Hundreds of brand new MPs descended on parliament this week after the election

Prime minister Keir Starmer poses for a photograph in Westminster with Dawn Butler after a photocall with Labour Party MPs, some of whom had won seats for the first time. Photograph: Stefan Rousseau/PA Wire

There was a first-day-at-school vibe around the Westminster parliamentary estate on Monday as many of the 334 brand new MPs showed up to get their access passes and look around. Yet for others, school was out and not just for summer.

The Conservative Party’s Steve Baker, the former minister of state at the Northern Ireland office, lost his seat in Wycombe in last week’s election. This week he was back to clear out his offices as all around him beneath the colonnades along the edge of New Palace Yard hordes of fresh-faced new Labour MPs milled around like tourists.

Baker is sometimes teased over his moniker as the Tory party’s self-styled “Brexit hard man”. Yet that wasn’t his demeanour on Monday after he had made his six staff redundant. The strain of it was written across his face. The brutality of an election defeat comes in many guises.

He was sanguine about his future, which is almost certain to be outside politics and back in the private sector. His wife is a doctor. He has an RAF pension. Baker won’t starve.


Yet he still had one gripe, however wry and jocular it was: “The new Taoiseach [Simon Harris] and Keir Starmer keep talking about trying to ‘reset’ British-Irish relations. I thought I had done that already. Didn’t I? Come on, you must agree...”

Baker was the Tory who apologised to the Republic from the stage of his party’s 2022 autumn conference over Britain’s Brexit muscularity towards its neighbour. It contributed to a genuine thaw in relations that opened the way for the Windsor Framework deal six months later. Baker no longer has his Westminster seat or his political career. But he’ll always have that.

At the other end of the colonnade, through the dark pedestrian tunnel that goes beneath Bridge Street and up the escalators towards the light, was the airy atrium of Portcullis House, the modern wing of the parliamentary estate. Here more of the incoming MPs and those they defeated crossed paths on the concourse between the Westminster canteens.

Hannah Bardell, the Scottish National Party’s former MP for Livingston, was philosophical about her election loss. “Such is life,” she said cheerily. The SNP’s Westminster battering was even more devastating than the Tory party’s. It must regroup quickly if it is to avoid further disaster at Scotland’s next devolved parliamentary elections in 2026.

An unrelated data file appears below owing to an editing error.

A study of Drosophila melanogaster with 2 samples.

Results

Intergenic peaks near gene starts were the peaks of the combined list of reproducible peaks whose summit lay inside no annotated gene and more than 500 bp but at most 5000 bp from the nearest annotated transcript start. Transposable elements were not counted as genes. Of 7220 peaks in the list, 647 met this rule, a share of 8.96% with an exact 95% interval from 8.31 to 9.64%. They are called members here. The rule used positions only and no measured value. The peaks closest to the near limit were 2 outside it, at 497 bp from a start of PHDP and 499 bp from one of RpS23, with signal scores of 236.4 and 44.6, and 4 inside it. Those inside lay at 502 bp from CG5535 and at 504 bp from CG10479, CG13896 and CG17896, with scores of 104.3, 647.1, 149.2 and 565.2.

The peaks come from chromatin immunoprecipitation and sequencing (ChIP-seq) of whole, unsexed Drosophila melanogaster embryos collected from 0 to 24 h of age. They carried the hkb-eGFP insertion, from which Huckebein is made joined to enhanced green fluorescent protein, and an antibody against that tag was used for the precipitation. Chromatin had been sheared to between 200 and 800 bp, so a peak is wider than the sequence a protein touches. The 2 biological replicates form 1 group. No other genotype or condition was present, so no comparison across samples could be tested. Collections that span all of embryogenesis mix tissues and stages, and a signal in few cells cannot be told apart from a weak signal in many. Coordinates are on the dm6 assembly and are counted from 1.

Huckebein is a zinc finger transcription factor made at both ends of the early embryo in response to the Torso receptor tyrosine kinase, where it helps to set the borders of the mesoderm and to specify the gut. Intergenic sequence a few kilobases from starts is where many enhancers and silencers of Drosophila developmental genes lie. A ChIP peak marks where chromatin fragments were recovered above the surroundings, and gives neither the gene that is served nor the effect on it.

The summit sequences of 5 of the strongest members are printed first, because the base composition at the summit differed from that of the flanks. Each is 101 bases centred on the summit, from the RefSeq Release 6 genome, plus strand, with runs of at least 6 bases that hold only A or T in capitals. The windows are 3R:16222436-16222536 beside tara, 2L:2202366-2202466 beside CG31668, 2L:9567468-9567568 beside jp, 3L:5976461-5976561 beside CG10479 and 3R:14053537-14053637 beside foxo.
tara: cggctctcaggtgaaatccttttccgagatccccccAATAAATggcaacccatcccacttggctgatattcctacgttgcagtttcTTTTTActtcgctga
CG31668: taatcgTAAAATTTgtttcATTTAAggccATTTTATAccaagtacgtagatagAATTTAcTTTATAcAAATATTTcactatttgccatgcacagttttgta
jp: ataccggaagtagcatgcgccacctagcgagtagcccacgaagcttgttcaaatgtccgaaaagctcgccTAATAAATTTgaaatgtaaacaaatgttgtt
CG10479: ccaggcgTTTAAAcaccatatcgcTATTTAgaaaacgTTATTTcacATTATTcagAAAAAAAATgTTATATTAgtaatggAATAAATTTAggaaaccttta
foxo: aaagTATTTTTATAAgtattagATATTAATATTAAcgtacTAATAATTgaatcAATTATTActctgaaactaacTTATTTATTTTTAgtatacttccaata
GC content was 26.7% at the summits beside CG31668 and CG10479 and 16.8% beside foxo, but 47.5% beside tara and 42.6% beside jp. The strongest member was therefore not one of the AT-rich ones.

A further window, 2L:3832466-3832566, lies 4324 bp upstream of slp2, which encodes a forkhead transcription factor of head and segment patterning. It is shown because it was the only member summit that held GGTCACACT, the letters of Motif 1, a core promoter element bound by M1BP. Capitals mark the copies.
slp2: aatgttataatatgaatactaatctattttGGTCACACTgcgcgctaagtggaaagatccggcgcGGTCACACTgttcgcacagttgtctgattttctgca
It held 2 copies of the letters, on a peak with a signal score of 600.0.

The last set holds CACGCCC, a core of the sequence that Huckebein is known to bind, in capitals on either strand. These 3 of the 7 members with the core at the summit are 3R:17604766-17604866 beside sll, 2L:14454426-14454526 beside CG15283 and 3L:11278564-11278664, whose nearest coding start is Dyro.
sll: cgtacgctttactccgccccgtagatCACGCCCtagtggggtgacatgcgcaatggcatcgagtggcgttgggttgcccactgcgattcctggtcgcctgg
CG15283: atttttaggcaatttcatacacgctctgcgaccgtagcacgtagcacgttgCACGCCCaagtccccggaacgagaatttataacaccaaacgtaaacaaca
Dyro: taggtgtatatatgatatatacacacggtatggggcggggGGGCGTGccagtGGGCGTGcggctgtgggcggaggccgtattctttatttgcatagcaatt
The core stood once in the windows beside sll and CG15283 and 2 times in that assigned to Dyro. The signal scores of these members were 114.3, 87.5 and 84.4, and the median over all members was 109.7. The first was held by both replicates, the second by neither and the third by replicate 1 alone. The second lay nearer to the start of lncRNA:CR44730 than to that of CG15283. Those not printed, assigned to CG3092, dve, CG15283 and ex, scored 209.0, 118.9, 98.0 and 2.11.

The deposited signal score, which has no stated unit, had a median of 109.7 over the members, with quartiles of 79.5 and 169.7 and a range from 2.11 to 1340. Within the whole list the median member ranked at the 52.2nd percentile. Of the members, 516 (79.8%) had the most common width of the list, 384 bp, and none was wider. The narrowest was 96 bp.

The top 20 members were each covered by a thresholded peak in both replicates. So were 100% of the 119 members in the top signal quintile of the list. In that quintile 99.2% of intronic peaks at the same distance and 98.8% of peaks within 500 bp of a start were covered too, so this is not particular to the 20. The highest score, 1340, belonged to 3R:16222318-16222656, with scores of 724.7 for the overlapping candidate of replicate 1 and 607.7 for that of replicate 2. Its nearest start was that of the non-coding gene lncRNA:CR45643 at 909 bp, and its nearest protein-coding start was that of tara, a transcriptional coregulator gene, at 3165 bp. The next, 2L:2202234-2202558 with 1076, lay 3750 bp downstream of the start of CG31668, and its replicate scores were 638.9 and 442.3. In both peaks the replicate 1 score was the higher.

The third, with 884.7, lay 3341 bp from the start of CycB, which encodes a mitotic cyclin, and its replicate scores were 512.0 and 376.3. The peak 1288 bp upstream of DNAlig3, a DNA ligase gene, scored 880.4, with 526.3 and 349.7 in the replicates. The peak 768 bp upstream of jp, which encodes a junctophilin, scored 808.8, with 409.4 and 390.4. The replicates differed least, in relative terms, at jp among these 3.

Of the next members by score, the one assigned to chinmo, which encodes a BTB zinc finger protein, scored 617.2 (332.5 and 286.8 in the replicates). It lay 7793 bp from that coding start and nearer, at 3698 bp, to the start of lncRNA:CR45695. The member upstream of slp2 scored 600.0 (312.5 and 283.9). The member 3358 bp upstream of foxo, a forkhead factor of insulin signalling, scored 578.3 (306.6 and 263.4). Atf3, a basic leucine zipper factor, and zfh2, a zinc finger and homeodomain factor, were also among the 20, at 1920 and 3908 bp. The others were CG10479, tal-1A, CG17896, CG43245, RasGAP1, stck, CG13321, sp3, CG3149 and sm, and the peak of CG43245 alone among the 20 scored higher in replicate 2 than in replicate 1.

Labour’s Emily Thornberry, who won her election battle but lost her place on Starmer’s front bench, fielded sympathetic greetings from party colleagues. At the weekend she was inexplicably passed over by the new prime minister for the role of attorney general, which she had held in a shadow capacity. “I’m all right,” she said, as stunned colleagues consoled her.

Liam Conlon, the new Labour MP for the south London seat of Beckenham and Penge and for the last few years the head of his party’s Irish society, walked around the corner. Conlon, whose mother is Sue Gray, a top adviser to the new prime minister, said he had blisters on his feet from the election. He also had a twinkle in his eye. Hanging around his neck was his first Westminster access pass. It may as well have been an Olympic medal the way he was eyeing it up.

He wasn’t alone. The pass office, which is normally based in a cramped facility a few doors up Whitehall, had set up a mobile unit inside Westminster Hall, near the spot where Queen Elizabeth had lain in state in advance of her funeral in 2022. Giddy new Labour and Liberal Democrat MPs queued to get their access card at the “new members’ reception area”.

Another temporary desk had been set up inside Portcullis House: “Temporary locker allocation”. Westminster also ran a buddy system, pairing new MPs with a member of parliamentary estate staff – it could be a clerical officer or a cook – to give them a tour of the facility. They could be spotted a mile off, showing them the essentials such as ATM and vending machines. The new MPs stood out with the green and white-striped lanyards around their necks holding those precious, hard-won Westminster passes.

A few hundred metres up the road at Downing Street two large removal vans were parked outside Number 10. Workers carried furniture out the front door and loaded it into the vans. The items must have belonged either to Rishi Sunak, the defeated Tory former prime minister whose office was in Number 10, or Jeremy Hunt, the former chancellor of the exchequer who lived in the flat upstairs.

A new regime was in town. Out with the old.